Pennsylvania Officials Face Felony Child Endangerment Charges After Allegedly Covering Up Lead And Asbestos Contamination


Scranton School District officials were repeatedly told in 2016 that there were dangerously high levels of lead in the drinking water of at least 10 schools. The tainted water fountains and sinks were not fixed despite the repeated warnings, and school officials mislead the public about the issue, the indictment alleges according to the Associated Press.

Joseph Guzek, an environmental engineer who first found dangerous lead levels in 2016, said that he returned in 2018 and 2019 and found lead in the water again during both of those visits. At one point, more than half of the 303 sinks and water fountains that Guzek’s company tested had lead in the water, and 74 places were found in district buildings that were “near the highest level of danger” for asbestos, the grand jury said according to the report. (RELATED: Michigan To Pay Flint Residents $600 Million Over Lead-Filled Drinking Water)

Dangerous levels of asbestos were also found in dozens of places, including classrooms, restrooms, and a cafeteria, but former superintendent Alexis Kirijan and former Director of Operations Jeffrey Brazil failed to fix the problem, the grand jury said according to the Associated Press.

A sign warns of asbestos danger at a former Royal Mail sorting office on October 11, 2013 in London, England. (Photo by Peter Macdiarmid/Getty Images)

A sign warns of asbestos danger at a former Royal Mail sorting office on October 11, 2013 in London, England. (Photo by Peter Macdiarmid/Getty Images)

Kirijan, Brazil, and Joseph Slack, a current maintenance supervisor, are all facing charges of reckless endangerment and endangering the welfare of children, a felony.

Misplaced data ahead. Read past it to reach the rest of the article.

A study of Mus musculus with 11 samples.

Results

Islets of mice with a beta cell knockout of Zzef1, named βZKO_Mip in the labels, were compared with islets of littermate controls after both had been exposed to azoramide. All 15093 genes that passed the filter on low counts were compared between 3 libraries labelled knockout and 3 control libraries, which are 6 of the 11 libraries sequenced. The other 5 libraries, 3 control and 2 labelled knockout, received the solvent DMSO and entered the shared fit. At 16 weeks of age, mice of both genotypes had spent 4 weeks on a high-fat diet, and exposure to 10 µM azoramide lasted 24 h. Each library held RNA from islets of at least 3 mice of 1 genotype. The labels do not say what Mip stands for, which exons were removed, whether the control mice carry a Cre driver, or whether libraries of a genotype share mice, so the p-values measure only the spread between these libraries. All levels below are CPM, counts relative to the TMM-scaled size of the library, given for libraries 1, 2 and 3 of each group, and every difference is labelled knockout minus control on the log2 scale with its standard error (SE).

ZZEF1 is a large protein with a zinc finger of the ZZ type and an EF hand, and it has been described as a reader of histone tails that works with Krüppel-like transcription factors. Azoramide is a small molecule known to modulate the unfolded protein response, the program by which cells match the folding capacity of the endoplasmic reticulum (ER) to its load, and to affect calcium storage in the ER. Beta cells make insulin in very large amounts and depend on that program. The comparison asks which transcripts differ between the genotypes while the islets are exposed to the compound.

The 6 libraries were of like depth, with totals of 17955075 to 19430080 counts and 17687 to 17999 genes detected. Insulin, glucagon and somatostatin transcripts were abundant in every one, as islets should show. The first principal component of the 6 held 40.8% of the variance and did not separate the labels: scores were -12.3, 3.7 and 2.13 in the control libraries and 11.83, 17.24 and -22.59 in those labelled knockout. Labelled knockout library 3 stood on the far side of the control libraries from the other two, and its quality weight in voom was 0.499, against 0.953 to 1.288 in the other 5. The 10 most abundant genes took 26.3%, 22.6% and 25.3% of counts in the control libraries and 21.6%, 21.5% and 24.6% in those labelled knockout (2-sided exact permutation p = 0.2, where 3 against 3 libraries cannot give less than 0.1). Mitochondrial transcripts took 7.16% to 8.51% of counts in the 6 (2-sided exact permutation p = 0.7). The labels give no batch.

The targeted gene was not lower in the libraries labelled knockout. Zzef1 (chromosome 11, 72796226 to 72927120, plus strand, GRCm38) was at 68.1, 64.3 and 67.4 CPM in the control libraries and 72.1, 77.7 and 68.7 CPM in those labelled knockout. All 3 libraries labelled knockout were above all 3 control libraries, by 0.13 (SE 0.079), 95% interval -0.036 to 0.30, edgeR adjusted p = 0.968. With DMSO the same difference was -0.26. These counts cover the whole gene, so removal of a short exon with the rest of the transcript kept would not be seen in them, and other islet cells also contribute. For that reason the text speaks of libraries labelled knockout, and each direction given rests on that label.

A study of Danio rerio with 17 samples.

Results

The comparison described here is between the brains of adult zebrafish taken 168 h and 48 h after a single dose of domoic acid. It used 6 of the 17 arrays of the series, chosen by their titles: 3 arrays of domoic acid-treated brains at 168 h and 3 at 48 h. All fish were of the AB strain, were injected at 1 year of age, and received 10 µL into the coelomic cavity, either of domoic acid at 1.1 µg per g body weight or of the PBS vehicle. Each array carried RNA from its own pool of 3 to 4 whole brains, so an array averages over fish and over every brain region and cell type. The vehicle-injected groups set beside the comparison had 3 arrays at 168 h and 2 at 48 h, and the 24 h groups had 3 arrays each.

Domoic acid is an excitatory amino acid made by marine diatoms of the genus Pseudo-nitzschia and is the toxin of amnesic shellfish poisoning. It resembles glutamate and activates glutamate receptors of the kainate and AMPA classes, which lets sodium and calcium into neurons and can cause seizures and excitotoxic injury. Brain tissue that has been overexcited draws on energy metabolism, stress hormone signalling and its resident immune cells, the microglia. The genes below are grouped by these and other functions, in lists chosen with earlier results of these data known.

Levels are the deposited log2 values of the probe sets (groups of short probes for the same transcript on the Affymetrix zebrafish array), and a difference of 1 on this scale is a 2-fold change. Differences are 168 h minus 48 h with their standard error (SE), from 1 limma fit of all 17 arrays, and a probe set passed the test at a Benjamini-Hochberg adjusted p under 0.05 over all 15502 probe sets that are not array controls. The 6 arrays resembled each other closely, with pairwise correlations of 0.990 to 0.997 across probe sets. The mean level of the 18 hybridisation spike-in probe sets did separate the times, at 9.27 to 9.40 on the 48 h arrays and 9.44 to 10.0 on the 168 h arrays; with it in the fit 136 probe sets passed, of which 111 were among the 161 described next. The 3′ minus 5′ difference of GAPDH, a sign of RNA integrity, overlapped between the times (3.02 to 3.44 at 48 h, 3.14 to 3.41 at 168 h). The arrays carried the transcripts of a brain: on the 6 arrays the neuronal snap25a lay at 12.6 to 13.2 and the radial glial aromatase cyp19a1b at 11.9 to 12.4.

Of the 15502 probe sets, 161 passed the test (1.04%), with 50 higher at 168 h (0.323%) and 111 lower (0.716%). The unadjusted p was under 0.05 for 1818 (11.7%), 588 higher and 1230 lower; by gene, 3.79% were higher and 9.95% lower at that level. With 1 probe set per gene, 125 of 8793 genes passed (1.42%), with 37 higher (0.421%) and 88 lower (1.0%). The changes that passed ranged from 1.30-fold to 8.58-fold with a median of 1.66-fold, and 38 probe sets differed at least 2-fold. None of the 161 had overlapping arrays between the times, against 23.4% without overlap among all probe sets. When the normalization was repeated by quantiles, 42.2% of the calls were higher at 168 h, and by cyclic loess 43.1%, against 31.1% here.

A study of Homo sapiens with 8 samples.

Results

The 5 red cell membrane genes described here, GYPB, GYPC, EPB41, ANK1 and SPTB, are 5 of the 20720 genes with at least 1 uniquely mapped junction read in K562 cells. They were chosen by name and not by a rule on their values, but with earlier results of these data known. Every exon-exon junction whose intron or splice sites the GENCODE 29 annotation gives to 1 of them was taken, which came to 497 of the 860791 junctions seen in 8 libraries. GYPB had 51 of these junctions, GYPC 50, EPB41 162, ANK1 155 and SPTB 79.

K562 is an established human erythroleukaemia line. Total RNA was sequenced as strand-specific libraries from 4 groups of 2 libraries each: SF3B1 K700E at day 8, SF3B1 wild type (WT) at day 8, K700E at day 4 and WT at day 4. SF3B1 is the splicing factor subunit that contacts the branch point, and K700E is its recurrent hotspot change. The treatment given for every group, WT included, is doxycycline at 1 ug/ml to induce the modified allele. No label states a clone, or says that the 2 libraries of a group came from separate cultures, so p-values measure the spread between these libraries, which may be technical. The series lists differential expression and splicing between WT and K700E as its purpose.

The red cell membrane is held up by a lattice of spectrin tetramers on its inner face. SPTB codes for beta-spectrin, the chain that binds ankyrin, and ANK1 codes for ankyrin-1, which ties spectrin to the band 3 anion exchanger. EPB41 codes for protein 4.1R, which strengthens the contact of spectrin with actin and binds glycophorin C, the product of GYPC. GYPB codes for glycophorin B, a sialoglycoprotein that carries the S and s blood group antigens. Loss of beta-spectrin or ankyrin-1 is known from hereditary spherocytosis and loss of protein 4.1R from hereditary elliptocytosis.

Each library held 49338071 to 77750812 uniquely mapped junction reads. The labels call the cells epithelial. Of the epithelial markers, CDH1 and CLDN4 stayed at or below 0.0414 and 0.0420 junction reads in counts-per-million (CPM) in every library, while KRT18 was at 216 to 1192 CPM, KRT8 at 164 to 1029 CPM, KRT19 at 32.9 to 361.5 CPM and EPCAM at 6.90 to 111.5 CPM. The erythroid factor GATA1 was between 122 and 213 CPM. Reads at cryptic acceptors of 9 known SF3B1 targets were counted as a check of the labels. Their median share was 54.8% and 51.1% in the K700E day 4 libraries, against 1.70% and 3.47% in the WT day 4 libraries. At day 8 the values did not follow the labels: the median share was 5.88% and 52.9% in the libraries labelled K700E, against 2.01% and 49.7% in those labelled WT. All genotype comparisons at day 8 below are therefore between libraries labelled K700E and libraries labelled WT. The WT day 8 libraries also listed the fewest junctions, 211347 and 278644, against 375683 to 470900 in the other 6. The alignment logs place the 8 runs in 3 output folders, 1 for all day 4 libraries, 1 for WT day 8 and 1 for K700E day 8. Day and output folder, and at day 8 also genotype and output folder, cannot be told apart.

“Hiding the truth exposed Scranton schoolchildren to unsafe levels of lead in their water, and asbestos in their air,” Attorney General Josh Shapiro said at a press conference according to the Associated Press. “These administrators’ failure to fix the problem broke the law.”

At one point, a school principal informed Kirijan and Brazil that a ceiling had fallen in several classrooms. Kirijan reportedly insisted on a phone call and told the principal to stop emailing her about it. The principal blocked Kirijan’s phone number to force email communications so that there would be records of their communications, the grand jury said.

The grand jury added that Kirijan “went out of her way to hide the extent of the district’s asbestos problem,” the Associated Press reported.

Both Brazil and Kirijan retired in 2019, and neither informed the school board or their successors about the asbestos and lead problems, the complaint alleges. Immediate steps were taken to fix the problem only after state police informed the new administration about the lead and asbestos. (RELATED: Johnson & Johnson Recalls Baby Powder Due To Potential Asbestos Contamination)

A separate federal lawsuit that was filed by current and former employees of the Scranton district alleges that officials knew about the unsafe levels of lead and asbestos for years but never disclosed that information to them despite potential health risks, the Associated Press reported.

Patrick Howard, an attorney for the plaintiffs, said that the school district believes the lawsuit is “completely frivolous” and that they “didn’t do anything wrong.” The school district argued that none of the plaintiffs claim that they were “personally exposed to asbestos in any affected rooms, or that they ingested affected water from any sinks or fountains.”